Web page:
Ma’s Rifle

Late one night, at the cabin way up north, we heard a truck coming along the driveway when a truck wasn’t supposed to come.  My mother pulled on her boots, loaded her rifle, and told us, “Stay in the house, kids.”  Then she stepped out on the front porch with her gun and our dog.

CabinMy brothers stayed in the bedroom, but I crept to the kitchen window and peered over the sill to see her standing under the porch light in her Lanz nightgown, with her long black braid falling down her back.  Our golden retriever was normally too good natured to be a threat, but as he stood beside her, facing the drive, he wasn’t wagging his tail.  The pick-up truck’s lights swung around the last curve and cut across the pump in the front yard before the truck came to a stop in the gravel.  Its engine was still running, and three men were crowded in the front seat.  As the driver opened his door, staticky country music and laughter came out with him.

“How are you doing?” the man said.  He was a tall, clean-shaven man in a black shirt and jeans.

“You can just get back in your truck and keep driving,” Ma said.

“But this here’s the end of the road.  I hear there’s a pretty woman lives at the end of the road.”

She lifted her rifle to her shoulder and aimed it at his boots.

“Now, wait a second.  You know how to use that thing?” he said.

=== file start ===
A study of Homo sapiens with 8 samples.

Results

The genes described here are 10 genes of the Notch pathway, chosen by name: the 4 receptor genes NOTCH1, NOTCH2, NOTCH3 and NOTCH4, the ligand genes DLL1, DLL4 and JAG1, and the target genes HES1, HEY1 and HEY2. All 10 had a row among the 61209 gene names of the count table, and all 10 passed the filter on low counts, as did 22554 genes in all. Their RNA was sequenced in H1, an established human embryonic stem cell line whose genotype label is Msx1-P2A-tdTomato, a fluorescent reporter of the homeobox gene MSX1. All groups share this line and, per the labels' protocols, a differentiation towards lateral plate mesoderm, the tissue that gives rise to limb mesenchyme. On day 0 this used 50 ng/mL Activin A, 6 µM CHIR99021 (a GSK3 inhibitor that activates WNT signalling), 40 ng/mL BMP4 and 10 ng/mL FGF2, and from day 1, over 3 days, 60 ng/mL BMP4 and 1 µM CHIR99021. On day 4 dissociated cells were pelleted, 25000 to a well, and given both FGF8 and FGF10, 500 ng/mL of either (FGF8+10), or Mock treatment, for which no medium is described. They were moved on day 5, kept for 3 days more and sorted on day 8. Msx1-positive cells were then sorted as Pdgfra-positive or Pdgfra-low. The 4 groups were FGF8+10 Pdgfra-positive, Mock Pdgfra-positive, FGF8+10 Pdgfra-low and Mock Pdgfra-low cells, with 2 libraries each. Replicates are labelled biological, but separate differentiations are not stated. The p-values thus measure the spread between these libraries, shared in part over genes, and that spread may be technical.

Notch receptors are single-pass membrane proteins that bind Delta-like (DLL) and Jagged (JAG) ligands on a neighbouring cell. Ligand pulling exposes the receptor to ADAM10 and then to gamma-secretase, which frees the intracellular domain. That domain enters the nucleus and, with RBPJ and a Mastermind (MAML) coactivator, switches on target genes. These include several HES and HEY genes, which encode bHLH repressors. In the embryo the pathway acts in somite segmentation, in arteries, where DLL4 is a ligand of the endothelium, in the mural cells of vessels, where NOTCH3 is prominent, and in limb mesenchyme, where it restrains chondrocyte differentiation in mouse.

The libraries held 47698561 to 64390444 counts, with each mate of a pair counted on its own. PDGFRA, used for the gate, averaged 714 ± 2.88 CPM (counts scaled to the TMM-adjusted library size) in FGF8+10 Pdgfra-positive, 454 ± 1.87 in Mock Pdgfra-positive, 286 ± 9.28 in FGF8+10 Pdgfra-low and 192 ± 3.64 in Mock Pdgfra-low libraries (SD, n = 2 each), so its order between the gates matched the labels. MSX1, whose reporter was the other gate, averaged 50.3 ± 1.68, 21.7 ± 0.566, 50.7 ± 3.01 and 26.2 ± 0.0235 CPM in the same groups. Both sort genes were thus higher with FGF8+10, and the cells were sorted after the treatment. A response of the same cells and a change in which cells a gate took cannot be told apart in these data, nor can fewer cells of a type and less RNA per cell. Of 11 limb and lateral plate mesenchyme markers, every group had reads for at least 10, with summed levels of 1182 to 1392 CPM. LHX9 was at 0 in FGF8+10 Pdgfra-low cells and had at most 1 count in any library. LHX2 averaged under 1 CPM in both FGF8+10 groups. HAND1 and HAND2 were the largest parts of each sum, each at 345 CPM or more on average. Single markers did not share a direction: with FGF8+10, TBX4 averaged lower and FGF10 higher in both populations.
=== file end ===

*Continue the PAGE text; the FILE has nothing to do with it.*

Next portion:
“I said to go,” Ma said.

The dog growled.

The guy lifted both his hands and took a step backward.  “I was just looking for Howie.  Is he here?”

She aimed the rifle higher.  “One.  Two,” Ma said.

The guy scrambled back into his truck, swearing as he slammed the door.   The wheels spun streaks in the gravel as he reversed and then headed back down the driveway.  That was when the dog started barking, loud and fierce.  Ma reached down to pet his head.  When the sound of the truck was gone entirely, she came back in the kitchen door and turned on the overhead light.

I was still hunkered down by the window, afraid to move.  She braced the rifle across her knee and took the bullets out.  Then she gazed across at me.

“Where are your brothers?”

I pointed back towards the bedroom.

She gave me a little smile.  “You scared?”

I nodded.

“Me, too,” she said.  “Come on.  Back to bed.  They’re gone.”

“Would you have killed him?”

“I didn’t need to, did I?  Come on.”

After that, I never knew when they’d come back, or if they would, but I knew Ma was ready.  She didn’t mess around, my mother.